Islamic trade finance to emerge as the preferred choice in emerging markets

  • Innovation and differentiation essential for the industry to facilitate the switch from conventional to Islamic trade finance

Singapore, 3 June 2013 – According to EY’s Global Islamic Banking Center, Islamic trade finance could provide new opportunities and become the preferred choice for emerging rapid growth markets (RGMs) such as Turkey, Indonesia, Malaysia, Qatar, Saudi Arabia and the UAE. RGMs are emerging as hot spots for global business and they promise to permanently alter the global trade scene over the next 10 years. Many of these markets already have strong trade links with other “core” Islamic finance markets, which offer new opportunities for growth for Islamic trade finance.

Ashar Nazim, Partner, Global Islamic Banking Center of Excellence at EY says: “The increase of trade flows to the East and within emerging economies combined with growing interest in Islamic finance, means that Islamic trade finance is now a serious alternative. A constant challenge for business leaders is to anticipate and interpret how global trade is changing, while understanding the opportunities and risks it creates. Boards and management of Islamic banks must take note. Trade, technology, culture, labor and capital will integrate at different rates across these markets and need to be anticipated when transforming the financial institution’s trade finance operations.”

RGMs are now an increasingly significant part of the global economy. They will become an even more dominant force in global trade and as a result, businesses are going to have to adjust their strategies to reflect the increasingly regional pattern of world trade and in this context should now start to consider Islamic trade finance.

Gordon Bennie, EY’s Middle East and North Africa (MENA) Financial Services Industry Leader, says: “Trade will grow between these markets, creating a wide range of new opportunities for them and advanced economies will also benefit, as exports to emerging markets become a rising source of growth. Middle Eastern countries are trading increasingly with other RGMs, reflecting the faster growth in demand from these countries. Banking, insurance and other financial services sectors in these countries will grow as the economies mature and the middle classes expand, offering new opportunities for trade. Demand for more sophisticated financial services is already growing rapidly as wealth levels rise.”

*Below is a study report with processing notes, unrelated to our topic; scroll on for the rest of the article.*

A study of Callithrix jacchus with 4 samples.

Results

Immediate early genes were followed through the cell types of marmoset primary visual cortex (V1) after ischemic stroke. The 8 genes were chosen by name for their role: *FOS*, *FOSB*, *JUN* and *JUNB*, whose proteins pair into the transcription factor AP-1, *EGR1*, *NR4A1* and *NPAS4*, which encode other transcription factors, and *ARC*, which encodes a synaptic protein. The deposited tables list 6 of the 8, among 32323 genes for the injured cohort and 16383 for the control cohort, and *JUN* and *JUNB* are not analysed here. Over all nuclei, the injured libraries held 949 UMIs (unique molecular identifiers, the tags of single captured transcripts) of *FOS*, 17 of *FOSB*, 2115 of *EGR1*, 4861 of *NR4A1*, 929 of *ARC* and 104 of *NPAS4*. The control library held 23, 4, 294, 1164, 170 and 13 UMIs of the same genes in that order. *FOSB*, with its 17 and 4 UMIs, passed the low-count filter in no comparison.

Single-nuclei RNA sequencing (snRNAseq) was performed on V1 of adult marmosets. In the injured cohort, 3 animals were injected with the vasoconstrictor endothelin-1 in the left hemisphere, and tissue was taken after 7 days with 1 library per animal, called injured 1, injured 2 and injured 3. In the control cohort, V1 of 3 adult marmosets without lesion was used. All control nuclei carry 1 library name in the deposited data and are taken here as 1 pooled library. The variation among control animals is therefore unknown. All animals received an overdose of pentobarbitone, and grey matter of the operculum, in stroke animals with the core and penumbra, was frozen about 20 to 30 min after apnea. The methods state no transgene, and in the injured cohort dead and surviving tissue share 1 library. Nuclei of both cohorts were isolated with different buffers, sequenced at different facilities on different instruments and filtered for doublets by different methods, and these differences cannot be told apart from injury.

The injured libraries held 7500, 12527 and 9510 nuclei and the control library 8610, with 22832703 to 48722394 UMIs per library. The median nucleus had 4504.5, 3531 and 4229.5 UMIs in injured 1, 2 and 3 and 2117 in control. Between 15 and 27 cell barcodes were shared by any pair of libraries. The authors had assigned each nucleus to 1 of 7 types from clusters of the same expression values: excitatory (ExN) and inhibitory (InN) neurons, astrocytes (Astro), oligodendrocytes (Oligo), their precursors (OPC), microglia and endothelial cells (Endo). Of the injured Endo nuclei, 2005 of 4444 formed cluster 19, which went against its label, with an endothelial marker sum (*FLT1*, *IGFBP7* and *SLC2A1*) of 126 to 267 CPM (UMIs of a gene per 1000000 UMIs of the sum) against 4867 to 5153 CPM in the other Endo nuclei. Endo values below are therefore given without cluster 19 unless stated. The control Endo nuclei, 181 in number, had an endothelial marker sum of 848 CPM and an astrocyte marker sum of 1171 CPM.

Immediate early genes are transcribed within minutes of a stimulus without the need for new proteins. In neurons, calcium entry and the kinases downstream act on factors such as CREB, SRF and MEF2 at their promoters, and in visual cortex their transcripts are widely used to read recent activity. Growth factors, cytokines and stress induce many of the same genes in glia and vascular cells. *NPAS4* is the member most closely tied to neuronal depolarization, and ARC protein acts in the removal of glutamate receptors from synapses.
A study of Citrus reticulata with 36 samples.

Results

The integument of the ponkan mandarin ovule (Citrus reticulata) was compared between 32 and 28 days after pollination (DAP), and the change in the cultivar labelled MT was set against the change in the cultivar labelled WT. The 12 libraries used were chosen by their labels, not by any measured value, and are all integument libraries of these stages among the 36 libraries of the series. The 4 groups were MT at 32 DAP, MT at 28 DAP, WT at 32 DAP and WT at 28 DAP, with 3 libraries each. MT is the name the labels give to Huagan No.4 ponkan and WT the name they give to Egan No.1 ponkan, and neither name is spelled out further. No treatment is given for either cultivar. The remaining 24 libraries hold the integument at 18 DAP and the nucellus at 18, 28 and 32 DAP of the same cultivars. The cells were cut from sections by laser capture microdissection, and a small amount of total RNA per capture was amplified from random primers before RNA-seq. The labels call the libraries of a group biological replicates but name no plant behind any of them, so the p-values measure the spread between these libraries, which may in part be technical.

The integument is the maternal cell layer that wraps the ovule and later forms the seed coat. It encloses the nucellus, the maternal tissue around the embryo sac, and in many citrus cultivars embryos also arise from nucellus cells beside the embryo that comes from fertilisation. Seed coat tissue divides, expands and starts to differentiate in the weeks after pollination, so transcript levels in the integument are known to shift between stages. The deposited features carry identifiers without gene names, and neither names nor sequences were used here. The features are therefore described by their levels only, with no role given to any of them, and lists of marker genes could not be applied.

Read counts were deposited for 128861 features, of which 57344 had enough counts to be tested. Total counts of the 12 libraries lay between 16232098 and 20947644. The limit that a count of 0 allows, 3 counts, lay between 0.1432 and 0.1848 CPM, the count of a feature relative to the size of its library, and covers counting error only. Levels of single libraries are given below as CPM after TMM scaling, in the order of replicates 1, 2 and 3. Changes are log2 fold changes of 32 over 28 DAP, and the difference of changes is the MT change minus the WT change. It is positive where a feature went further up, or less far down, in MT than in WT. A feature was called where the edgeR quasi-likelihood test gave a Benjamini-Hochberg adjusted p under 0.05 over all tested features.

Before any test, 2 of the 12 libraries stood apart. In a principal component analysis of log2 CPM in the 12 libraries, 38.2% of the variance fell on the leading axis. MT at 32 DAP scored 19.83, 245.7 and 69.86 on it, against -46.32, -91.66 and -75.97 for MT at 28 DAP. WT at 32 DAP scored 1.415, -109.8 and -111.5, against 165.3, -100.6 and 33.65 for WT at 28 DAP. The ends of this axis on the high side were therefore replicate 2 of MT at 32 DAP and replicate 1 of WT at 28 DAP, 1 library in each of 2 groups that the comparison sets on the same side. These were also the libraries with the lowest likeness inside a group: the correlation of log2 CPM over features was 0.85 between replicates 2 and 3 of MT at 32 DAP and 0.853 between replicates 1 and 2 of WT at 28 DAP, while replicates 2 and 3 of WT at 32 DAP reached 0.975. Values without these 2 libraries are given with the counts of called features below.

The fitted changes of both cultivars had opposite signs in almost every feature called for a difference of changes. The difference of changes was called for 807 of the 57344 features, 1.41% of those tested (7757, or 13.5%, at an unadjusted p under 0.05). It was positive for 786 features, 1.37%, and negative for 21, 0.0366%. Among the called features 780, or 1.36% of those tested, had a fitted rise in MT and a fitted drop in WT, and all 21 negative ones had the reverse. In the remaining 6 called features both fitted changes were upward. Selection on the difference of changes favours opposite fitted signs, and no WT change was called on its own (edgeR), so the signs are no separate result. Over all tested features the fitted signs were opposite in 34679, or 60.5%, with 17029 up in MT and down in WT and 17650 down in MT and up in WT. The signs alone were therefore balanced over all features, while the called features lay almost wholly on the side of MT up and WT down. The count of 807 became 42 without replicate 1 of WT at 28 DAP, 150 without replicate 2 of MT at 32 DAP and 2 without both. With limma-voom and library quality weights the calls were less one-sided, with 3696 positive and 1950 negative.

The degree of change in both the scale and direction of trade will have a profound impact on the competitive environment for all companies wherever they are located around the world. Trade will also be increasingly focused around Asia, the Middle East and Africa, suggesting that the key geographical location for companies will change.

Ashar added: “It makes business sense for global organizations that operate in and trade with many of these RGMs, especially those that are in the Organization of Islamic Cooperation or have strong links to the bloc, to seriously look at Islamic trade finance.”

Challenges ahead

To compete in the market effectively, Islamic institutions will need to align their trade finance operations with global common practices. There has to be a clear understanding of how Islamic financial institutions can add value to businesses in their trade functions. Despite the high percentage of Muslim populations in emerging markets, conversion to Islamic trade finance will not be successful without a clear framework that gives businesses a good reason to switch.

Islamic institutions also need to maintain the talent pool that serves these emerging markets and ensure that talent management is an integral part of their business strategy. There is currently a shortage of staff with extensive experience in Islamic markets so this issue needs to be addressed with the industry’s rapid growth.

Islamic banks need to build international connectivity and scalable trade finance platforms that can connect with businesses and financial institutions beyond borders. This could be challenging given the small size and localized nature of most Islamic banks.

“The road to Islamic trade finance is not one without obstacles. But with the correct framework is used and awareness about the Shari’a compliant initiatives continues to grow, MENA markets can strengthen their trade focus on the growing Muslim populations in emerging markets. These initiatives have the potential to significantly increase the value and volume of trade of these expanding markets. This is an opportunity that should not be overlooked,” concludes Ashar.